With the recent purchase of the large McDonald Farm by Hamilton County government, the virtues of Sale Creek will be touted in the future by officials, if some of the land ends up being converted into an industrial park as discussed.
And the historic farm buildings and natural areas that are preserved for recreation and special events will also likely be praised.
But Curtis N.
Coulter has long been interested in promoting the entire and still-rural North Hamilton County community through researched stories about its history and as a lifelong resident who simply appreciates it.
The retired Hamilton County Schools teacher has already written about a half dozen books related to the community and its history, and now he has put together another one titled, “This Is the Way I Heard It.”
The author describes the book as a collection of Sale Creek stories and even tall tales regarding Sale Creek. Most of them he has heard, but a small number of them involve him, or at least he is one of the characters or observers.
“It’s a fun book,” said Mr. Coulter, who considers himself a better storyteller as a writer than as a talker. “I kind of stretch things a little bit for enjoyment’s sake.”
Mr. Coulter said the idea for the current book came when he started posting some of these tales on Facebook, and he received such positive feedback that he realized he needed to compile them into a book.
“Our country has been through two years of lockdowns, quarantines, and people staying in fear as well as being isolated and scared,” he said. “Therefore, I wanted to put together a book that would make people laugh and enjoy some of the country humor that I have accumulated over a lifetime.”
Most are funny and humorous, such as one about a woman getting baptized in an outfit that ended up becoming inflatable, and another about a wasp’s nest that caused havoc during a church service. But a few are of a more serious nature, including two dog stories and a tribute to a former teacher.
And one chapter is downright scary. That involves the tales of Pitty Pat Hollow, the name given the area of Shipley Hollow Road stretching from Daugherty Ferry Road to Providence Road a mile or so off U.S. 27 in Sale Creek.
Dating back to the 1800s, people have claimed to hear a “pit-a-pat” sound – or the noise of some creature making a light but rapid noise with feet – while they are traveling down that secluded road at night. One legend even stated that a woman of yesteryear was traveling in a buggy with her baby, and the creature came up and spooked the horse, causing the carriage to overturn. The creature then left with the baby, who was never seen again.
With others, the simple presence of the sound has been the big scare.
While that story might make a reader look over his or her shoulder while having the book open, others might make a peruser look up with laughter. He tells of one woman getting ready to be baptized at a creek, and her outfit immediately began ballooning while taking in water, making her look like she had a giant innertube with her.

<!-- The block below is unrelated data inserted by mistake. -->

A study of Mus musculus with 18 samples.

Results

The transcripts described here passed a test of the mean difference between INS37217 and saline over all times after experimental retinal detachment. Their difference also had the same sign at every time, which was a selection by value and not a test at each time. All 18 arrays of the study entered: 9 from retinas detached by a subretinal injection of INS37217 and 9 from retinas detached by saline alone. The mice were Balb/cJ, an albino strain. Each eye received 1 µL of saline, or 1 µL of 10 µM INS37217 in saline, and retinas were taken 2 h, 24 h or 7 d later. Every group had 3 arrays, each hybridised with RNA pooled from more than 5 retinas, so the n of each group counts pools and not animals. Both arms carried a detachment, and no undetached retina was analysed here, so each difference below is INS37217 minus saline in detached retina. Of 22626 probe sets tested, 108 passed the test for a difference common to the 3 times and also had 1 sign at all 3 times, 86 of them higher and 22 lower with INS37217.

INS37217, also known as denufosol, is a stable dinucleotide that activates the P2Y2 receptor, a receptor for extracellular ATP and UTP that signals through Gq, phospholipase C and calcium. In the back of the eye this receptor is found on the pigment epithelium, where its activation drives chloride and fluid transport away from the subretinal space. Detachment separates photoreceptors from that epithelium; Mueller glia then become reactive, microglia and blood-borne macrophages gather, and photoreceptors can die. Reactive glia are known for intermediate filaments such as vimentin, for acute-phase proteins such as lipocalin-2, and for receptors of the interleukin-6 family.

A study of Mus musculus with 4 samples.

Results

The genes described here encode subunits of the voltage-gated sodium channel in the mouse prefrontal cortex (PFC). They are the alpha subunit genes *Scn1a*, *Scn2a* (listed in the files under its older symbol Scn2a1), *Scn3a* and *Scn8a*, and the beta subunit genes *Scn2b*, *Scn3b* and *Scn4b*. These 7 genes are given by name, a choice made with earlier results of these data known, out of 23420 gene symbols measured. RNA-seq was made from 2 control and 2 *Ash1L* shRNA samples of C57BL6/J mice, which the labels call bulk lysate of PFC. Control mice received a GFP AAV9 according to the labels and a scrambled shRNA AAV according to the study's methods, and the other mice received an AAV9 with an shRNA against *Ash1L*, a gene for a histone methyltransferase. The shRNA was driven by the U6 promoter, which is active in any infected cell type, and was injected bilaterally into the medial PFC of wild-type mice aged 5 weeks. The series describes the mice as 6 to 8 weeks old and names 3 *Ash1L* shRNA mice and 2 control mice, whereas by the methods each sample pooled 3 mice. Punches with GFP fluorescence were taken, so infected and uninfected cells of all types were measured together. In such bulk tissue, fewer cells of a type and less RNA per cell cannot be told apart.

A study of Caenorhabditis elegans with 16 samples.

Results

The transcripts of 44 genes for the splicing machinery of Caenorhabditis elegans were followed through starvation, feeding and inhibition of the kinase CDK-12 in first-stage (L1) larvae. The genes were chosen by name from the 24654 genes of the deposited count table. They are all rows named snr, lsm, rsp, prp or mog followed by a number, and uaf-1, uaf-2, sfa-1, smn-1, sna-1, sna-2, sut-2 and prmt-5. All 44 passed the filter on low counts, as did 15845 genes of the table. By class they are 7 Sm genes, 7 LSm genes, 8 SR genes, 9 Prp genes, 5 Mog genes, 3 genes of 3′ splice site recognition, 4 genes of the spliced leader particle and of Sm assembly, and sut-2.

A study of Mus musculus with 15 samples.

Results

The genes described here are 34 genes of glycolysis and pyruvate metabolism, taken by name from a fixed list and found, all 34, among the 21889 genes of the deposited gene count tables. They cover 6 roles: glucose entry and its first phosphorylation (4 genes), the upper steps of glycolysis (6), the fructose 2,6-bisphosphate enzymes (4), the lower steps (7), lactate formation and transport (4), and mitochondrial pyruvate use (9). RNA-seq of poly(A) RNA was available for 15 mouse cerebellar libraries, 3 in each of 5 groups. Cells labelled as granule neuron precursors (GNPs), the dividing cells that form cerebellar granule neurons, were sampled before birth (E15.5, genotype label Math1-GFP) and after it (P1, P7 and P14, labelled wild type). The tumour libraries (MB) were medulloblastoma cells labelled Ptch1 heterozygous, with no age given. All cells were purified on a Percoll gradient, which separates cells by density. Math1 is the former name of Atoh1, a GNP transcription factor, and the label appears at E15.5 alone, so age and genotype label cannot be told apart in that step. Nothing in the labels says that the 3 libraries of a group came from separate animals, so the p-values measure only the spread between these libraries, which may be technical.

When the minister got her situated where he could lay her back into the water, the trapped air under her dress finally, as Mr. Coulter wrote, “broached the surface like a submarine blowing ballast.” He later added, “The escaping air sounded like cow flatulence.”
Needless to say, the formerly serious congregation could not keep from laughing so hard they produced tears.
Another story tells of some preacher’s rebellious kids putting coal soot on their father’s handkerchief before a Sunday service, knowing he was going to be wiping his brow a few times while getting worked up preaching the sermon.
Another light-hearted story involves some poetic license he takes in discussing some ospreys that summered near his home and have to deal with the hassles of the well-meaning power company.
“There are about four pairs of them, and I’ve kind of expanded on them, and I talk to the ospreys and they send me greetings from Peru during the wintertime and they get into fights,” he said.
He also pays tribute to someone who soars in a figurative sense due to the respect she had – former English teacher Miss Annabel Aslinger. In his chapter on her, he says she was very tough but made all her Sale Creek pupils better students and people.
“Annabel was tough and she did not take prisoners,” Mr. Coulter writes of the woman who retired from Sale Creek High in 1966. “No excuses for failure to complete assignments were accepted.”
Mr. Coulter graduated from Sale Creek High in 1967 and has been a lifelong resident, and that has motivated his interest in the community and in documenting over the years such aspects as its military veterans and its brief time in the spotlight as a peach capital.
“I live in an area where my grandfather farmed in the early part of the century,” said Mr. Coulter, who was interviewed while selling books and giving tours of the former home of newspaper publisher Roy McDonald during the special McDonald Farm public gathering on April 16. “My family has been here since 1819.”
And while he knows development might eventually come to this area, especially with the sale of the McDonald Farm, he also likes how it is still mostly pastoral.
As a result, the noise in part still comes from tall country tales being passed around and enjoyed, and not from any heavy suburban traffic.